A Love Letter to Italy and the Sneakers We’ll Wear Next Time We Visit
Whether you’re on an after-dinner gelato crawl in Rome, or just eating a popsicle on your best friend’s stoop in New York, wearing our new KOIOs just makes everything a little more delicious.
I’ve avoided thinking about going back to Italy for most of the last year. It’s where my family is from, where I’ve gotten wonderfully lost too many times, and where I’ve eaten my favorite meals. But with travel restrictions in place and protecting others top of mind, I knew it would be a while before I could visit again. Then I saw our new sneaker collaboration with KOIO, and I damn near booked a ticket.
The pairs-with-anything, always-comfortable shoes were born and raised in Italy. The craftsmanship is exquisite—it’s what originally drew our Chief Creative Officer, Miyako, to partner with the brand in the first place. Aside from that, they’re also just a beautiful, travel-friendly shoe. So while that plane ticket hasn’t been purchased quite yet, they got me thinking that it seems sensible to have a plan for when I (or you) can wear these sneakers to the motherland—a plan that lets me explore their home country to the fullest. Here’s where I’ll plan on going (and of course, what I’ll be wearing and eating along the way).
Italians are obsessed with craft—from the source of each ingredient to the training and focus required to bring them together perfectly. Sometimes, this focus manifests itself in a pair of incredibly well-made shoes, and sometimes it manifests in a pitch-perfect bowl of pasta. Before I leave Rome, I’ll slip on a brightly patterned dress and track down an unforgettable cacio e pepe. Made with only pasta, salt, Parmigiano Reggiano, and lots of cracked pepper, it can be nothing special if made lazily—but I won’t be here to track down a lazy one. Instead, I’ll make my way to Da Enzo al 29 and wait patiently for a table to open up (I’ll get there at 7pm sharp to make this dream come true). And why not order the carbonara and the artichoke as well? Maybe the arancini, too. And the ricotta. And whatever wine sounds good. And the tiramisu. And!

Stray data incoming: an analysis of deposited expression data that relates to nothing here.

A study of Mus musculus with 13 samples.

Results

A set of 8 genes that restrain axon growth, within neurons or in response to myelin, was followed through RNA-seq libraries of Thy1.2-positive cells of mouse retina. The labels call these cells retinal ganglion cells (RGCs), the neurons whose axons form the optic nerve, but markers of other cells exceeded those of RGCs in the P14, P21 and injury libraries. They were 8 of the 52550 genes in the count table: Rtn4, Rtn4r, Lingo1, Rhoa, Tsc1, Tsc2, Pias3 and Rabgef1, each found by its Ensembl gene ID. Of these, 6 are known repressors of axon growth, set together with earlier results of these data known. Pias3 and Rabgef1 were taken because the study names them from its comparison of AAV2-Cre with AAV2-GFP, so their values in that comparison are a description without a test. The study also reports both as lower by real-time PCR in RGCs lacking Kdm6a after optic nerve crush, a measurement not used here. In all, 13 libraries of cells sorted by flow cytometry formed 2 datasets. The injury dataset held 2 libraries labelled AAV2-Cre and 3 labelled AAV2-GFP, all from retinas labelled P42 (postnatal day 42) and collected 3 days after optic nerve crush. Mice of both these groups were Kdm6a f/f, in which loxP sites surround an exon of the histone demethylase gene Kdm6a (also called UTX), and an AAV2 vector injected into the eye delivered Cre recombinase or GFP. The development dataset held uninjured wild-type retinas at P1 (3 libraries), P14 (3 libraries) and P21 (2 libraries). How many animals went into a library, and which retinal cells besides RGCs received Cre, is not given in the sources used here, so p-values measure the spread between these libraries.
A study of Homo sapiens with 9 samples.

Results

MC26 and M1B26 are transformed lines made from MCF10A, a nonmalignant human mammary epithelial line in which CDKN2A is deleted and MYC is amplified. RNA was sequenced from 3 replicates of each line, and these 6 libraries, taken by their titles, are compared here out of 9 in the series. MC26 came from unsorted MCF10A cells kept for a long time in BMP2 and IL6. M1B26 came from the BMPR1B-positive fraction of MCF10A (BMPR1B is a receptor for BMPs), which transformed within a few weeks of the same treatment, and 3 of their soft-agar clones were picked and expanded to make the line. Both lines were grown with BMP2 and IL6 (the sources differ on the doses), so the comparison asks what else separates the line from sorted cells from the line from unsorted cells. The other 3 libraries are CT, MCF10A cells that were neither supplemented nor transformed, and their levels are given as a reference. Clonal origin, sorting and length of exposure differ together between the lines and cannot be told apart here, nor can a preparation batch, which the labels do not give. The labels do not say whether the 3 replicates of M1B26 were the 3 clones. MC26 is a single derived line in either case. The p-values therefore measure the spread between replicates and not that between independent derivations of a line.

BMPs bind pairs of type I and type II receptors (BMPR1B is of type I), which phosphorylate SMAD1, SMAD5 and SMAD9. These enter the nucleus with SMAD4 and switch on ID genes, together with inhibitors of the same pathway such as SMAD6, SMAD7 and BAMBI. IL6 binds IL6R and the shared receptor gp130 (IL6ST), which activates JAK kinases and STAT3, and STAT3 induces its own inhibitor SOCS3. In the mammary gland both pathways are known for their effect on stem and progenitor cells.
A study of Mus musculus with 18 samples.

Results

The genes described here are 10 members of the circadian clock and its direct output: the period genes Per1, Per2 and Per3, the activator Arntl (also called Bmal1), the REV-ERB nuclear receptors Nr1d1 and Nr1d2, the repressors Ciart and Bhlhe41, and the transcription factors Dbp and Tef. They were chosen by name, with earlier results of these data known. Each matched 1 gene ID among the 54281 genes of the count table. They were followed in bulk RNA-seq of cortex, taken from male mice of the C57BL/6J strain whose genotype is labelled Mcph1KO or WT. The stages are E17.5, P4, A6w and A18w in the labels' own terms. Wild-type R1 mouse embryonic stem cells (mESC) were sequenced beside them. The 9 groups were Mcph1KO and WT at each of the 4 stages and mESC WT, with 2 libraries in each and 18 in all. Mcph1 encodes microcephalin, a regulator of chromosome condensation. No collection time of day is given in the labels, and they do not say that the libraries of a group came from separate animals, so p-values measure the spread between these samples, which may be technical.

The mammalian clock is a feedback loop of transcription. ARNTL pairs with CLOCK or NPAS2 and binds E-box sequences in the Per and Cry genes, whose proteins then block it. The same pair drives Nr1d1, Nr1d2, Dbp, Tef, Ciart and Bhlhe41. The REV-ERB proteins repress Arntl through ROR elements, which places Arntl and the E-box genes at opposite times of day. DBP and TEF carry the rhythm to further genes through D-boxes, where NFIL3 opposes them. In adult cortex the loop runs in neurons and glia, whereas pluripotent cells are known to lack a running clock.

After I’ve exhausted Rome—the museums, the ruins, the heartbreakingly perfect pistachio gelato—I’ll pick up a sturdy little toaster of a car and start driving. A few hours north of Rome, there’s Civita di Bagnoregio, a hovering oasis of a town that looks more like a Pixar animation sequence than a reality. It isn’t the liveliest corner of the world, but that’s the point. There are no cars in Bagnoregio—just some birds and zephyrs. To reach it, I must park my little toaster and climb up a walkway that isn’t a great fit if you’re afraid of heights. Sneakers are essential here. I’ll pack an easy, soft-as-a-dream dress for a change of clothes and my azalea KOIOs, as they’re a perfect fit for this dreamscape. The just-saturated-enough pink will go with everything you want to wear, and everything around you, as well. Miyako selected the pink shade to be worn as a component of the tonal dressing that works its way into the styling of our brand. They pair just as nicely with the Leslie in pebble as they do with warm cobblestones, terra cotta pots full of basil, and late afternoon sun.
Then, I’ll have a decision to make. For some salt air and the perfect pasta alla vongole that comes with it, I can head east to the coast and hop on a ferry to Elba. Or, if I want to truly understand where these chic kicks come from, I can peel off west to the province of Marche. The pebbled leather, the lasts (the molds of the foot that allow the shoemakers to model and work the leather into the ideal shape), and even the packaging all come from the local area. At the KOIO factory, Gianluca (the head lastmaker) and his colleagues have been producing the highest-quality lasts for 70 years. Luckily, they’ve kept an archive of all the different iterations. Because I’m an unapologetic history nerd who loves a good library, I’ll have to explore it this its entirety.
And if I don’t end up getting on a plane this summer? That’s ok—I can make it work. I’ll put on a playlist filled with rippling, sunny songs. I’ll pull on the brightest sneakers in my arsenal and find a picnic blanket, a crisp, cold white wine, something to nibble on, and lots of sunscreen. I can wear some luxuriously easy linen and sip overly fizzy sparkling water. And I can call a good friend with an overactive imagination to join me, then head to any nearby patch of grass and laze in the sun. Tutto va bene.